Long-awaited return gives Sid the jitters
CHRIS STEVENSON, QMI Agency
PITTSBURGH - Sidney Crosby was anxious.
The Pittsburgh Penguins captain was about to make his return Monday night after almost 11 months on the shelf with a concussion.
He was anxious about that first hit.
He was anxious about living up to expectations, always big, no matter the circumstances for the NHL's best player.
But one thing he was not worried about was dragging the Penguins down as he was asked kiddingly about joining a club that had gone 34-19-7 since he was hurt in January.
"I hope not," he said with a laugh. "That wouldn't be good."
There were a lot of smiles around the Penguins dressing room -- not to mention a crushing media presence -- as the Penguins, Pittsburgh and the NHL prepared to welcome back its biggest star. Crosby had been sidelined since taking hits to the head in successive games in early January. After months of rehab, rumours of his retirement and, finally, speculation over when his comeback would happen, Crosby was cleared to go.
Everyone, including Crosby, was interested to see how he would handle his first hit against the New York Islanders.
"Anyone who has gone through this is probably a little anxious," Crosby said after flying through the morning skate Monday. "I think if anything, the sooner you kind of get that first contact whether it's giving a hit or taking a hit, I think it's important to get that over with early and get used to that routine. That will come, hopefully. But, yeah, there are always nerves and that's normal."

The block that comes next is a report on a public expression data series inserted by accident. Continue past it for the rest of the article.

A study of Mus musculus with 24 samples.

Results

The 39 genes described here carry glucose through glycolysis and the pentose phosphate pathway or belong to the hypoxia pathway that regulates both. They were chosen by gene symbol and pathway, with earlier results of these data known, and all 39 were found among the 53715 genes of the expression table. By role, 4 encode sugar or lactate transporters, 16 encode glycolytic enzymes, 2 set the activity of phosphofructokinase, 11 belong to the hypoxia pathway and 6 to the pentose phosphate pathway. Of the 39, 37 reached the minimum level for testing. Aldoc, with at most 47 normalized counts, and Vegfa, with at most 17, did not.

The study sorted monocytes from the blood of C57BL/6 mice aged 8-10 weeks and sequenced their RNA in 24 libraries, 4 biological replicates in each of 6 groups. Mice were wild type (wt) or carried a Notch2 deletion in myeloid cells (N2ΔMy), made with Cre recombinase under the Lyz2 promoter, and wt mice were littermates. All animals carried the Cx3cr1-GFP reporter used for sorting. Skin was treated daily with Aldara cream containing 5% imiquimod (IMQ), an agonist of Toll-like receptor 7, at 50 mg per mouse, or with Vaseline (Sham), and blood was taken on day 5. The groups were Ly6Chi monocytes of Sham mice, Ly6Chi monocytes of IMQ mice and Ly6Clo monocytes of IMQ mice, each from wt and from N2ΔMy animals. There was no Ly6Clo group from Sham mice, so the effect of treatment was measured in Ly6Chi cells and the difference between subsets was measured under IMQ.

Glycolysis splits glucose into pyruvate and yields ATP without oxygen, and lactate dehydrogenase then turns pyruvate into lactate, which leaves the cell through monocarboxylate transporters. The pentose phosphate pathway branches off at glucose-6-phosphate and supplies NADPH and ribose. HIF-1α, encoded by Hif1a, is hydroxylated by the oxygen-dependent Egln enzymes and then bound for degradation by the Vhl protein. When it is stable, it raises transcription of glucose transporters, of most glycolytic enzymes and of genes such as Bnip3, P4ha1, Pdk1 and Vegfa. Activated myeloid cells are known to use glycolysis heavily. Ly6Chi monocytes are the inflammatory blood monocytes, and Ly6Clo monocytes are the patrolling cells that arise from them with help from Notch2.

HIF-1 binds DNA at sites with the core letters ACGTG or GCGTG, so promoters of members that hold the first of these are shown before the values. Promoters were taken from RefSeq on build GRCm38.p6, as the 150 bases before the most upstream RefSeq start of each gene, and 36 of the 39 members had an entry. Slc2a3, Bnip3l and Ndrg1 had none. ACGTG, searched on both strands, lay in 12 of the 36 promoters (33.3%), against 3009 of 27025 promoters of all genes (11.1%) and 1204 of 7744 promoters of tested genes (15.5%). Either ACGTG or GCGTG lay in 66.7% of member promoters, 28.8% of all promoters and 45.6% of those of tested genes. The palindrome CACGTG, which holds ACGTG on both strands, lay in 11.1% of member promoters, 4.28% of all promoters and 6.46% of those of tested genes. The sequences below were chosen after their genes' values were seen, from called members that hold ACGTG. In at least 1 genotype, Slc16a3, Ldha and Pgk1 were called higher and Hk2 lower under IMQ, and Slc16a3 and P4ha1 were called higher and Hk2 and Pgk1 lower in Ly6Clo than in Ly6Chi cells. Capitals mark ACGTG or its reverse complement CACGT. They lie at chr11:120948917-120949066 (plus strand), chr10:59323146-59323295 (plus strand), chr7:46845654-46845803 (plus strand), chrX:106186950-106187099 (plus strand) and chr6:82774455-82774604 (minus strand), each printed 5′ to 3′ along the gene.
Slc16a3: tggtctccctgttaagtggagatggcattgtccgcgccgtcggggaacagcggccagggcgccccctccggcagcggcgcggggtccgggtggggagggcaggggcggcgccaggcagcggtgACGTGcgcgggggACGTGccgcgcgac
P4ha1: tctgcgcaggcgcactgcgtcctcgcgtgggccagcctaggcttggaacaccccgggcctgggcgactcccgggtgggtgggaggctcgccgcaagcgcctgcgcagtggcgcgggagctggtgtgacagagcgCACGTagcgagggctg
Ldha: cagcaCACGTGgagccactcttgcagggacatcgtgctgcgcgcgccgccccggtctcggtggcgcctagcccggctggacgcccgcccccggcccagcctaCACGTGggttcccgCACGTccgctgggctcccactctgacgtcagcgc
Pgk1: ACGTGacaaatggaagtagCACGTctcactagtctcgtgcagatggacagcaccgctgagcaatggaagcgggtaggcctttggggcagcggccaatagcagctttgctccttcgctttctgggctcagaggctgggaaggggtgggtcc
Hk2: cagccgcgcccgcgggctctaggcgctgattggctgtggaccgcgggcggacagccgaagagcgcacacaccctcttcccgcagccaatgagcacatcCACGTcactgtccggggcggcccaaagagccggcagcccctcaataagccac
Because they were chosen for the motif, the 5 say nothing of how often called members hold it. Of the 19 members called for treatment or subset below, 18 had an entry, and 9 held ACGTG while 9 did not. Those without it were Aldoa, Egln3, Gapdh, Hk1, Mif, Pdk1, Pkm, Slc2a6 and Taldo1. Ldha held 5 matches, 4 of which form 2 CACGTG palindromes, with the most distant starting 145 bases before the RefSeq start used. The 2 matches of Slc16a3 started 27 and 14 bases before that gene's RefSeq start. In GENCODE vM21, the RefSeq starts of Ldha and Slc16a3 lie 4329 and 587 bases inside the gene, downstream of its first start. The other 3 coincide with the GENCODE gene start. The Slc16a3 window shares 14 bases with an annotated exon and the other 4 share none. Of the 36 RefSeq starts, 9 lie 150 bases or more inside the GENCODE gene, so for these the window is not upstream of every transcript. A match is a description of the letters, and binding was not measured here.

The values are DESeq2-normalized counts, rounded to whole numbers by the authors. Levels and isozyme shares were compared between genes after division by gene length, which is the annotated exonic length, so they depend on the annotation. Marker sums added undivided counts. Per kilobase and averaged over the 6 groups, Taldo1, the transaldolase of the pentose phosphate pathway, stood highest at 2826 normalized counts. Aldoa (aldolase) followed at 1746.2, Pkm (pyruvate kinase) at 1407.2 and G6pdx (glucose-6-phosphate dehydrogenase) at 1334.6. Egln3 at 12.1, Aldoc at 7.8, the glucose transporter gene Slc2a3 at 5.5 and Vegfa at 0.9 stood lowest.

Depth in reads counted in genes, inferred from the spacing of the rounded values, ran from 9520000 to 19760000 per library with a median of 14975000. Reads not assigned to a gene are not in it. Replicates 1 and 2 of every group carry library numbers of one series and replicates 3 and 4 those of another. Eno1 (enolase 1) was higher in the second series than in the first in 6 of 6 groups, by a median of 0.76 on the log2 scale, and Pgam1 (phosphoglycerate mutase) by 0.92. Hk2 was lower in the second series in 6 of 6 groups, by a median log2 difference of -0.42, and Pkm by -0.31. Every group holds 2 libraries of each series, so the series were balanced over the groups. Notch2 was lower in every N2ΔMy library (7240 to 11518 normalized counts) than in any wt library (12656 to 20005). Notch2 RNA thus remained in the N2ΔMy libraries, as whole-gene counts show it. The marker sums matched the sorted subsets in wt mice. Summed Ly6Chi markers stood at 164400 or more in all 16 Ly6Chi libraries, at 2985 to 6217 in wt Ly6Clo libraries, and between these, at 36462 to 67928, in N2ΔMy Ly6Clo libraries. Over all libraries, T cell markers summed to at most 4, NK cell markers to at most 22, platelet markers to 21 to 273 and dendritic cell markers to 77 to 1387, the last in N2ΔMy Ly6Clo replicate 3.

After months of slow and sometimes painful improvement, Crosby was given the green light Sunday to play in a game.
Monday night's return wasn't something Crosby could even think about until recently. He has spoken about how even watching television or trying to drive became miserable challenges which would set off headaches during the months after he was diagnosed with a concussion.
"I tried not to think about how long it was going to be, but it seemed like the months just kind of kept adding up," he said. "It's all behind me now and I'm looking forward to getting started. I think obviously, the first month of going through this was pretty surprising, all those things happening and not really expecting it.
"It wears on you after a while."
Crosby said the past couple of months, since training camp started, his condition has been "really good."
He said he has taken a couple of good hits in practice -- including one from Deryk Engelland that caused him to spill into the boards -- which gave him some confidence going into Monday's game.
"There were a couple where you get up and make sure you're good and everything is good and you move on. You need that," Crosby said. "I'm confident and ready to go."
Crosby was expected to start on a line with wingers Pascal Dupuis and Chris Kunitz. He played with them a fair bit last season before being sidelined after 41 games and a league-leading 66 points.
In talking with Penguins coach Dan Bylsma, Crosby suggested he'd want to play about 12 minutes, but the coach knew better.
"I laugh at that and know he's dead wrong," Bylsma said Monday morning. "(I know) he's going to want to get out there immediately again after his first (shift). He's going to want to get on the ice a lot more than 12 minutes."
Crosby said he was not expecting to duplicate the return of his boss and former landlord, Mario Lemieux, who came back in December 2000 after a three-year retirement. Lemieux had an assist 33 seconds into his first shift and finished the night with three points.
"Yeah, I remember it," Crosby said. "He set the standard pretty high for first shifts in comebacks and stuff.
"It's pretty hard to match that. Anyone who has missed a length of time like that, I think is just so happy to be back playing. Obviously there are expectations, but I think you just try to enjoy being back and try to make the most of the opportunity."